It’s no secret that autumn is my favourite month in Tuscany. It’s partly the relief from the relentless heat of summer, that feeling that you can finally breathe again, and partly, well, mostly, it’s the food. The cooler weather finally lets me get back into the kitchen (in particular the oven, which I usually avoid at all costs in the summer), to do the things I really love, like slow cooking and baking. And autumn’s ingredients just make my heart do a little back flip!
In September you begin to get grapes, real grapes with seeds in them that have been sweetened by the sun, varieties that are usually used for making into wine and that might make you pucker from the tannins. Then you start to see foraged wild mushrooms, like thick, chunky porcini, still covered in damp earth and small and shiny chestnuts collected from Mount Amiata for roasting or boiling. Quinces and pomegranates, those most mysterious fruits, are hanging off heavy branches.
But it’s also the feel of the new season that’s special, that chill in the air that means fireplaces are crackling and soups or stews are cooking and a hearty ragu of wild boar over fresh pappardelle is just what you feel like eating.
To celebrate the first days of autumn, I went on a mini holiday (partly for fun, partly for ‘research’, more on that below) with my friend Giulia to one of the most stunning parts of Tuscany; to Pienza in the Val d’Orcia valley, a place where autumn looks truly spectacular (and to the place where my very first blog post started, but more on that in a bit). You know that picture perfect image of Tuscany you have in your mind? The cypress trees and that little chapel of La Vitaleta? Those wheat fields that Russel Crowe runs his hands through in that Gladiator dream sequence? That is the Val d’Orcia.
Though it poured with rain on our drive there, the sun came out in full force while we were in the parking lot and in minutes it was as if it had never rained at all — autumn for you. We were shown around by our gracious hosts, sisters Luisa and Martina, of Agriturismo il Rigo, where we also spent the night. Panoramic Pienza (where we stopped to get my daughter a strawberry and rosemary sorbet and admire the view), beautiful San Quirico d’Orcia (their home town), Bagno Vignoni (a place where the main piazza is a pool of thermal spring water), Vignoni Alto to gasp at the jaw-dropping views of the naked, beige wheat fields that look like they’ve been drawn with coloured pencils, and all of it with the most spectacularly beautiful drives on often gravely white roads in between.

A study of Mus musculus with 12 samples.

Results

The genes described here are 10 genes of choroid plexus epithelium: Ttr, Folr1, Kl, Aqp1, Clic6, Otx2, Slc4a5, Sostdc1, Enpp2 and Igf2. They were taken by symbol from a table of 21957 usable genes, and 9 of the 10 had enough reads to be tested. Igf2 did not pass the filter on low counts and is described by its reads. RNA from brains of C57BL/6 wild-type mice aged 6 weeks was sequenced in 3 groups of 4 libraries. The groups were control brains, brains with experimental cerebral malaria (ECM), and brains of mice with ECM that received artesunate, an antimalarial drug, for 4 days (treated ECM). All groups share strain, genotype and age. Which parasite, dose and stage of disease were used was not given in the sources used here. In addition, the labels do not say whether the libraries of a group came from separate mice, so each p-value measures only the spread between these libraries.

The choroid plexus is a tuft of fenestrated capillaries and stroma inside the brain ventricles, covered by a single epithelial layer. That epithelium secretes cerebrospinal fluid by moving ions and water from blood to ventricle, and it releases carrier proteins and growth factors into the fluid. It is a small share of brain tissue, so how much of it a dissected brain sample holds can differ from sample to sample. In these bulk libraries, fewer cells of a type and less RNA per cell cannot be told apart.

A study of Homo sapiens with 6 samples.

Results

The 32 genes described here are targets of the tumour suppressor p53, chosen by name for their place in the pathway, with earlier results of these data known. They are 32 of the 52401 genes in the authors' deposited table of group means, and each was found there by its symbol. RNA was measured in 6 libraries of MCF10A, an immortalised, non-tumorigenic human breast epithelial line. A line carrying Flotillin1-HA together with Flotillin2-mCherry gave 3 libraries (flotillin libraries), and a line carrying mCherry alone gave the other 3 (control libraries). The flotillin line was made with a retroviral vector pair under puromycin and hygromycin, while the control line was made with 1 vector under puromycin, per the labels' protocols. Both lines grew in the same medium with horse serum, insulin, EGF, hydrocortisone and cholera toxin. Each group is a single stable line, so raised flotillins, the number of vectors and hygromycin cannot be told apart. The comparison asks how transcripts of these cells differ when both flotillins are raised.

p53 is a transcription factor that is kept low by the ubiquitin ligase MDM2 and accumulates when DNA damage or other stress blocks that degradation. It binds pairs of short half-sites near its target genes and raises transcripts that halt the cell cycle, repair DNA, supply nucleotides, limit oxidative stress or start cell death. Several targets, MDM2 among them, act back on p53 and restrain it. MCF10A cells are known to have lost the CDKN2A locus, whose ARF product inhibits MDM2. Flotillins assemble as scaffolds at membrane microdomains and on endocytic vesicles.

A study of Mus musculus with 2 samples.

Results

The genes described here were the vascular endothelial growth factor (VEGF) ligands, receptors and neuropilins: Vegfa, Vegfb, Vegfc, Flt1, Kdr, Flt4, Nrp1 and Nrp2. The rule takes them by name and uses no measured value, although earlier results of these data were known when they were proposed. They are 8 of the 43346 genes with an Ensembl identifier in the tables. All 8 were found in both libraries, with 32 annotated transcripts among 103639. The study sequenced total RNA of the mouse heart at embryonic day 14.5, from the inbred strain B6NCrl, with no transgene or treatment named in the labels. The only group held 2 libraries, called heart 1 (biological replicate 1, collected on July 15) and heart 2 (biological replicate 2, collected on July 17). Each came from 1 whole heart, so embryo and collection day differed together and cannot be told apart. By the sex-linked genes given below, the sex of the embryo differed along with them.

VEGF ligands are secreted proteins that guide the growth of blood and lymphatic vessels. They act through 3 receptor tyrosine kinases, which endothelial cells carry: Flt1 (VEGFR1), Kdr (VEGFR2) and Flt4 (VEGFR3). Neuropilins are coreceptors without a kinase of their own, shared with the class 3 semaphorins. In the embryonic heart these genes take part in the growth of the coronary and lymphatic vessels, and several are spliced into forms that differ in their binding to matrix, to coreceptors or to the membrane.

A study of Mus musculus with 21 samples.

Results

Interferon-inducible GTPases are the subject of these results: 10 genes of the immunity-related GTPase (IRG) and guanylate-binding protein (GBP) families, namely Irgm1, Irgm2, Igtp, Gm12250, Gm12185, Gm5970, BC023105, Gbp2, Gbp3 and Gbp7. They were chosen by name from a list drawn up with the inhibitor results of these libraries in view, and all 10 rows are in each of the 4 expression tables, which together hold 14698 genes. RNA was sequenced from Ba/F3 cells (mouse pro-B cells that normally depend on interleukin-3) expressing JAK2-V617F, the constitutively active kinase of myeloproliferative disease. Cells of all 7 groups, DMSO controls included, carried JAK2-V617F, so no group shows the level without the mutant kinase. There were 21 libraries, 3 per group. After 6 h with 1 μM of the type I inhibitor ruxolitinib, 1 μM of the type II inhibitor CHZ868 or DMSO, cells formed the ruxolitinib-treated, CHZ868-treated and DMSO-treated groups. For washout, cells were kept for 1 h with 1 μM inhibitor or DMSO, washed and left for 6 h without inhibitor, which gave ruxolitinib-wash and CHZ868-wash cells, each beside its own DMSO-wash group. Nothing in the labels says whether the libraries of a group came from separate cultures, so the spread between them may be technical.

Luisa and Martina knew well to feed us well — they took us to their parents’ elegant home in San Quirico for lunch, where we ate handmade trofie pasta with homemade pesto and we ate dinner by the fire at their beautiful agriturismo where, after a plate of pecorino di Pienza decorated with wild flowers, we had handmade tortelli stuffed with a puree of the chickpeas they grow themselves and roast rabbit. Breakfast was all homemade or homegrown.
We were totally spoiled.
The next day we made a visit to nearby Podere il Casale for a lunch mainly made up of cheese — how can you do otherwise when it comes to a place like this? I’ve been coming here over the years and enjoying their views, their cheese and their company (cheese maker Ulisse and his partner Sandra) ever since I wrote my first blog post in 2010 on a brilliant cheese making lesson there with Ulisse. Artisan sheep and goats milk cheese (pecorino and caprino, respectively), made from the raw, organic milk of the animals that graze right next to the room where the cheese is made and matures; it’s one of those very simple pleasures, well made, with care, with character.
Just look — this is one happy goat and everyone knows happy goats make delicious milk.
Our last stop was a visit to Puscina, a wildflower farm, which sounds like a bit of an oxymoron but the three lovely sisters Mara, Laura and Teresa, who run this lovely space on a hill top between Pienza and Montepulciano are already well known for their beautiful bouquets for events and weddings. We came away with some pumpkins out of their vegetable patch, which I promptly turned into jam (a spicy candied ginger and pumpkin jam partly inspired by Giulia’s and this recipe) and a cinnamon-scented loaf. I did mention I love autumn, didn’t I?
P.S. The research part of the trip was to find some beautiful, special and interesting places to hold a possible workshop next autumn. Do you like the sound of being taken around this wonderful area? Drop me a line!